As I share my final experiences from #WEF2017, it’s a little bittersweet. But just like I said in my first blog, we are People of Action and not just words and good diction. In order to move the needle, we must fully commit to changing the world for good, one partnership at a time, in a responsible and responsive manner.
I am optimistic and hopeful that by this time next year, there will be measurable impact borne from the meetings held these past few days. I’m excited to sow seeds of change and impact here in Davos, and look forward to the season of harvest where through these partnerships, access to economic opportunity is expanded and prosperity shared in Africa – I call this Africapitalism. Part of this mission is to bring more women and girls on board by breaking down barriers that reduce women participation in business and economic activity on the continent.
Focusing on business, I engaged with various corporate titans who lead some of the most successful organizations in the 21st century:
- David Rubenstein, founder of Carlyle Group – one of the world’s largest and most successful investment firms with $169 billion of assets under management and Patrick Pouyanne, Group CEO of Total – one of the world’s leading international oil and gas companies both recognize Heirs Holdings’ pan-African footprint across the strategic sectors in which we operate. We discussed business collaborations and new ways of doing business that benefit the majority and not just a few.
- Mr. Frederic Oudea, Group CEO of French multinational banking and financial services company, Societe Generale, hosted me to lunch at his Davos apartment where we discussed how to invest in Africa not for the short term, but for the future
- In recognition of the impressive performance of Heirs Holdings’ investee companies – Avon Healthcare Limited, Nigeria’s most trusted HMO, and Avon Medical, a top healthcare provider in Nigeria – my friend Stanley Bergman, Chairman and CEO of Henry Schein, one of the world’s largest providers of healthcare products and services, and I met to explore partnership opportunities between our two groups to advance healthcare delivery in Nigeria/Africa.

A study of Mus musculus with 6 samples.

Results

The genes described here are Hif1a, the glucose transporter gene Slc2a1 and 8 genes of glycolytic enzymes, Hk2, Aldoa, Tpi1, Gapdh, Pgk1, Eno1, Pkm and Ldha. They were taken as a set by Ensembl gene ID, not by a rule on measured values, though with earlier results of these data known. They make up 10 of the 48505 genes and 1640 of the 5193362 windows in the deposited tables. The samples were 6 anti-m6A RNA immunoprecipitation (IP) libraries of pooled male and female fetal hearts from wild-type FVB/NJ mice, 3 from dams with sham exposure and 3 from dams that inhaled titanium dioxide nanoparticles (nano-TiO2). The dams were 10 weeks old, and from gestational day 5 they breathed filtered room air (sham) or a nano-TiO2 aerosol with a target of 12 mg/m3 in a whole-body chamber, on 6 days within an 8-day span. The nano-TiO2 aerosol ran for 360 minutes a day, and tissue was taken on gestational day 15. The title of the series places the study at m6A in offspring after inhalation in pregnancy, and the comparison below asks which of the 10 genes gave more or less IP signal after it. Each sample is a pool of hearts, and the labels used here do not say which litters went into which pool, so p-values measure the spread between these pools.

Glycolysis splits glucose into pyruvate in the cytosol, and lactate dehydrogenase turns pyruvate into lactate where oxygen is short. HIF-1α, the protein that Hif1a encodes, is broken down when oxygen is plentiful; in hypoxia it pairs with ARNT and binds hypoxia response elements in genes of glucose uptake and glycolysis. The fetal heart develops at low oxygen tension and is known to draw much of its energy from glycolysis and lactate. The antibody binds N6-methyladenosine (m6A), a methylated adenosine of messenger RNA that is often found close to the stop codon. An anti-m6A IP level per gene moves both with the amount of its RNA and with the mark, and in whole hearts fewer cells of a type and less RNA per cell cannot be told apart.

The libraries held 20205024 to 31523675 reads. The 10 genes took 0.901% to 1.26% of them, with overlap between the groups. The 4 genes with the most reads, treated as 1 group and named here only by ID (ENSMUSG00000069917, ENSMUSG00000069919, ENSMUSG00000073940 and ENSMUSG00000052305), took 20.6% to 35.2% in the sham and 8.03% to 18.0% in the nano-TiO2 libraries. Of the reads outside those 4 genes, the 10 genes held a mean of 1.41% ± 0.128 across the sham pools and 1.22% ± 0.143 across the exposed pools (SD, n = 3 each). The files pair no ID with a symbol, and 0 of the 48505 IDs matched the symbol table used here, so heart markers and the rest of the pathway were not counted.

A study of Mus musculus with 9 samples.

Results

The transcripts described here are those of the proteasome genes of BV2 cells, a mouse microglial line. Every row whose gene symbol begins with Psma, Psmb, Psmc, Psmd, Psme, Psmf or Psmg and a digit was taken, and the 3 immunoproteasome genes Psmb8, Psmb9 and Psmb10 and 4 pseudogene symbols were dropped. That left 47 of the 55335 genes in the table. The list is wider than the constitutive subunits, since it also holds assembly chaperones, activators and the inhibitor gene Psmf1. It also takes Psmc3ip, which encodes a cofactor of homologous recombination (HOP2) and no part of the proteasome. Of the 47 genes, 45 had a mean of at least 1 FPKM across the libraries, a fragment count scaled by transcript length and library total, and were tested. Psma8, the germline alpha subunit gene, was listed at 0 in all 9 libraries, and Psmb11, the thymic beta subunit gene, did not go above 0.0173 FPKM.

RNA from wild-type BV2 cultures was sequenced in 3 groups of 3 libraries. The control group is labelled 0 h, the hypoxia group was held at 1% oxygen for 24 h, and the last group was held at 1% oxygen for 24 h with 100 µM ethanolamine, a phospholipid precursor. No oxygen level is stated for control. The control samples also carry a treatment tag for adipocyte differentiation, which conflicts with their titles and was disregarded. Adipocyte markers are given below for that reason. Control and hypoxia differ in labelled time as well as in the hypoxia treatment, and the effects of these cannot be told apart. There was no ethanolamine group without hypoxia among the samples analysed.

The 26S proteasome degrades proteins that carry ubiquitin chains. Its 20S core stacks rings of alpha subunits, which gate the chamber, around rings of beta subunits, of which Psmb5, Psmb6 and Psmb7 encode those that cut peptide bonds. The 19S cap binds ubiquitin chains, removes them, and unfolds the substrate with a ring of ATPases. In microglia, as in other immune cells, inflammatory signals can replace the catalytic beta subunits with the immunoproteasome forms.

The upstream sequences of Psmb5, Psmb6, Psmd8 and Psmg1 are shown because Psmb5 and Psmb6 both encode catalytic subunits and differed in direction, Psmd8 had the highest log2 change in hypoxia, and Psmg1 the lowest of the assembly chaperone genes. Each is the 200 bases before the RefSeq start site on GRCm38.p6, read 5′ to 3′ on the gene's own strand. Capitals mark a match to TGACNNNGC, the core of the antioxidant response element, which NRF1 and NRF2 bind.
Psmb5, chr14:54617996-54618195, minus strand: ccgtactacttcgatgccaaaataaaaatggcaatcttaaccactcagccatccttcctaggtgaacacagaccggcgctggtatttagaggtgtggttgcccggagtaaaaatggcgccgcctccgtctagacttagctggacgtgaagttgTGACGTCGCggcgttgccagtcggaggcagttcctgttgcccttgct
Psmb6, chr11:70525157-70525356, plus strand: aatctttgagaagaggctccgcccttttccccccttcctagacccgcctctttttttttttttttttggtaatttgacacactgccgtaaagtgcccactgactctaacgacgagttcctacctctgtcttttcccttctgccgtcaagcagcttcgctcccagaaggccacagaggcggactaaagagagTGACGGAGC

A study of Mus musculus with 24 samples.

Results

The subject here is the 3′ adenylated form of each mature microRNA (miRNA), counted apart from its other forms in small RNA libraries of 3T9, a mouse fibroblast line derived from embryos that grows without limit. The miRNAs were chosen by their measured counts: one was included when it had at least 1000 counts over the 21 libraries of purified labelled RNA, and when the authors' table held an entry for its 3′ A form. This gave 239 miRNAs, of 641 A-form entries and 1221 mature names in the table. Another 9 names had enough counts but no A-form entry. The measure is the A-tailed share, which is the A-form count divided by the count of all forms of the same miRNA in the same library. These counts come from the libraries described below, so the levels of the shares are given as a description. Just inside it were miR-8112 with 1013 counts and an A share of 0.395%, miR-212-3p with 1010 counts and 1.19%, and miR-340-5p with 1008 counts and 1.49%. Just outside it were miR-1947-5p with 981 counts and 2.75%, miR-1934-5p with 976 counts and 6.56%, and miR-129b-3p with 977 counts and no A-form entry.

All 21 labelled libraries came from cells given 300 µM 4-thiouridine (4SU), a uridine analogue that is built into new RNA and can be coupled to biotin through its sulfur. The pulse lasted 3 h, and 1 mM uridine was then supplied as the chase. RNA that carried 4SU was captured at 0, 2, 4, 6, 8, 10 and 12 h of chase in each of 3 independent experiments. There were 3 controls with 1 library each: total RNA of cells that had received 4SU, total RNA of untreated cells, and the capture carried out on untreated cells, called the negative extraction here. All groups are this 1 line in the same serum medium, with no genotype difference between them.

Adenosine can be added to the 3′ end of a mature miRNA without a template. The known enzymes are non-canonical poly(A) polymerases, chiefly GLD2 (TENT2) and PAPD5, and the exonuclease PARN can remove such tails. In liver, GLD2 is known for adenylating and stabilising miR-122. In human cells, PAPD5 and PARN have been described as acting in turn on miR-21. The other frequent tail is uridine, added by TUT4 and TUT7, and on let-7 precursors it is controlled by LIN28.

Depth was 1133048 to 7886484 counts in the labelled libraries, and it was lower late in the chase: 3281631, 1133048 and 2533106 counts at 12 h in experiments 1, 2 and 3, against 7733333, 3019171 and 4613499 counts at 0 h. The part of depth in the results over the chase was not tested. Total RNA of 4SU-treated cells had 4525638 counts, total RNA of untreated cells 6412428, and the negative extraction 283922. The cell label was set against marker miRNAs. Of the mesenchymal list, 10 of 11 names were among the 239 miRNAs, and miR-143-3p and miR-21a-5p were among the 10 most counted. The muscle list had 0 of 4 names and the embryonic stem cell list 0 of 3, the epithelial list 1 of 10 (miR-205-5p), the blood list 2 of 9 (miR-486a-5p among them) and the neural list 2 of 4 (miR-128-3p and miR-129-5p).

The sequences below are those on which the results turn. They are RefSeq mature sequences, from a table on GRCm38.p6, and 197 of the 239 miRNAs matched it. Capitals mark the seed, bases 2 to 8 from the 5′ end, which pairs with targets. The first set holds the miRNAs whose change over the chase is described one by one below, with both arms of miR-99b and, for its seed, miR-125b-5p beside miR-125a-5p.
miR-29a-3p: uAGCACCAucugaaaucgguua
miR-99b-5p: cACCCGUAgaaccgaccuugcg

- In furtherance to my commitment to improving access to electricity in Africa, Isabelle Kocher, CEO Engie – a world leader in electricity generation and distribution, natural gas and renewable energy – and I met to discuss a partnership to broaden access to electricity via renewable energy in university campuses across Africa starting with Nigeria. This will help our young students excel in their academic ambitions and fulfil their potential, as reliable power will mean that they spend far fewer hours struggling to study in the dark and more time reading in a conducive environment.
Africapitalism advocates for the private sector to work alongside the public sector to make real change. We cannot achieve broad-based development if we work in isolation, confined to our own spaces and regions. The role of the public sector is to create an enabling environment – supported by incentives – to encourage private sector participants to invest long term in the economy. This role of the public sector is non-transferable as only government has the tools and capacity to build a business climate that is favourable to enterprise. I was pleased to catch up with policymakers – both current and past – who are living testimonies of what government can accomplish by working closely with the private sector.
The King of Belgium, Philippe of Belgium; Prime Minister of Belgium, Charles Michel; and Stephen A. Schwarzman, CEO of leading global private equity firm Blackstone Group are leaders who have done a great deal to strengthen entrepreneurship and the private sector in Belgium, China and USA, it was a pleasure to discuss extensively with them.
In line with WEF 2017’s theme of responsible and responsive leadership, I sat with Tony Blair to discuss good governance and how important it is to build systems of accountability and transparency.
Gordon Brown, former PM of UK, and Jakaya Kikwete, former president of Tanzania, and I agreed that there are lots of opportunities in Africa. The focus should be how to convert our potential to meaningful impact that benefits Africa’s people. This can only be achieved with the right operating environment in place to attract capital
The private sector must also play its own role by identifying and investing in strategic sectors that add local value to the African economy. To discuss how to strengthen entrepreneurship in Africa, I had a brief chat with the Dean Elmendorf of the Harvard Kennedy School of Government, where I sit on the Global Advisory Council.
Speaking of entrepreneurship, it’s always a pleasure to meet up with young African leaders and entrepreneurs doing the continent proud. Like I always say, “young entrepreneurs and those they inspire are the lifeblood of Africa’s rise.”
The UBA delegation, led by GMD Kennedy Uzoka, was also very engaged with fellow global business leaders. He conducted various meetings, attended sessions, and networked extensively.
I ended my participation at this year’s World Economic Forum with two interviews that I hope to share with you soon. As always, I discussed some of my favourite topics – Africapitalism, entrepreneurship, investment in Africa and “catalytic philanthropy” – a new kind of giving that enables the recipient become economically independent instead of perpetually dependent.
As WEF 2017 ends, I would like to appreciate my team who have truly embodied the HH DNA of the three E’s – Enterprise, Execution and Excellence. They were enterprising in closing deals for their respective organizations, they executed the planned agenda with precision, and above all, stood out in the way they conducted our affairs with flair and excellence. I am proud of all of them.
A commander is only as good as his army.